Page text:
Michael Levenson, Boston Globe, May 8, 2017
Two days before Courtney Woods dresses in a cap and gown for Harvard’s traditional commencement, she will don a stole made of African kente cloth and address the crowd at a somewhat different event: a graduation ceremony for black students.
Student organizers said the event, called Black Commencement 2017, is the first university wide ceremony for black students at Harvard and is designed to celebrate their unique struggles and achievements at an elite institution that has been grappling with its historic ties to slavery.
More than 170 students and 530 guests have signed up to attend the ceremony, which will be held May 23 at Holmes Field, near the Harvard Law School campus. The event will feature speeches by black students, alumni, and administrators.
“I know this is exactly what students like me need to be inspired as we leave this place as emerging global leaders,” said Woods.
Similar ceremonies have been held for Harvard undergraduates as well as for students at Stanford, Columbia, Temple, and other campuses. On May 23, Harvard will also hold its third annual graduation ceremony for students of Latin American descent.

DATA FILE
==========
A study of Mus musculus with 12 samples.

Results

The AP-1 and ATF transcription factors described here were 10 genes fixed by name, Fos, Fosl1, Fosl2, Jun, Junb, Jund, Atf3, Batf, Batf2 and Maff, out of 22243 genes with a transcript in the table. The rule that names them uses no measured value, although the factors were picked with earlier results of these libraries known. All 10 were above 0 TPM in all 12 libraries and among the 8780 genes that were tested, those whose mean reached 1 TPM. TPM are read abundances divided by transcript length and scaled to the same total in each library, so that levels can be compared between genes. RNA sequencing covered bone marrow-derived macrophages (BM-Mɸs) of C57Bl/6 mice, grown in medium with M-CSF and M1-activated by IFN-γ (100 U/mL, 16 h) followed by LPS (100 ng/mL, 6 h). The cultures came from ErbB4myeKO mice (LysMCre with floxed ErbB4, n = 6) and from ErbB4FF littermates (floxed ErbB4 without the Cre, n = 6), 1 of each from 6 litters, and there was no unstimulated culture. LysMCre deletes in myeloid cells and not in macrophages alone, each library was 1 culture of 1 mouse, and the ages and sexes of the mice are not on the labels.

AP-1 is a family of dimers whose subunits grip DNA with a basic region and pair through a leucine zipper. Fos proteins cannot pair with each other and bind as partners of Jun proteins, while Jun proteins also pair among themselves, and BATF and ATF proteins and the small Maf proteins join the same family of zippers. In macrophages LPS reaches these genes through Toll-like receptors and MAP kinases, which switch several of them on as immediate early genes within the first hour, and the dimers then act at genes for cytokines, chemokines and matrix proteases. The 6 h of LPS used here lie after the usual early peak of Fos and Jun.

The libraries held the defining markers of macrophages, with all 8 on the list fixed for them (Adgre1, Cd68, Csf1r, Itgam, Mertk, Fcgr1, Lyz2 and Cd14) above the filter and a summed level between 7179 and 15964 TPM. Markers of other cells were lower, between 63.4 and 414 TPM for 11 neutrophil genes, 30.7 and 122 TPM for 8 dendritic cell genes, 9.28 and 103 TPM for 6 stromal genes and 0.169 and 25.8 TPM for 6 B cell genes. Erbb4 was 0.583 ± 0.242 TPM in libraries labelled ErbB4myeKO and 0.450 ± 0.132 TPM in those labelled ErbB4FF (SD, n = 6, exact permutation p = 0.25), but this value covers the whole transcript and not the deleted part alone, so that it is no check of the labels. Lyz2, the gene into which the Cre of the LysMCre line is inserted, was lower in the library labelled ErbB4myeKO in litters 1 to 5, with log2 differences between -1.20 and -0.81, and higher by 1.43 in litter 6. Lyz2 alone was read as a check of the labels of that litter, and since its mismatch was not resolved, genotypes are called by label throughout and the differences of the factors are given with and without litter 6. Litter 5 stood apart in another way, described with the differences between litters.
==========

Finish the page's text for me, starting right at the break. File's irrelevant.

The ceremony for black students was created during a period of heightened activism related to racism on college campuses and in the country at large — from the Black Lives Matter movement to the increased focus on “micro-aggressions,” passing comments that seem to trivialize or marginalize the experiences of minorities.
Last year, Drew Faust, university president, and Representative John Lewis, a Georgia Democrat who is a civil rights icon, unveiled a plaque commemorating four slaves who had been owned by Harvard presidents. The university also agreed to redesign the Harvard Law School shield, which was modeled on the family crest of an 18th-century slaveholder.
Woods said the black graduation ceremony will recognize that history, as well as the challenges that black students face today, including what she called a lack of social, emotional, and academic support. In 2015, 5 percent of the 7,595 degrees that Harvard awarded went to black students.
“Your parents, your colleagues, and those who are there in the audience are there to celebrate you because they know your common struggle,” Woods said. “There’s a shared history, there’s a shared struggle, there’s a shared identity.”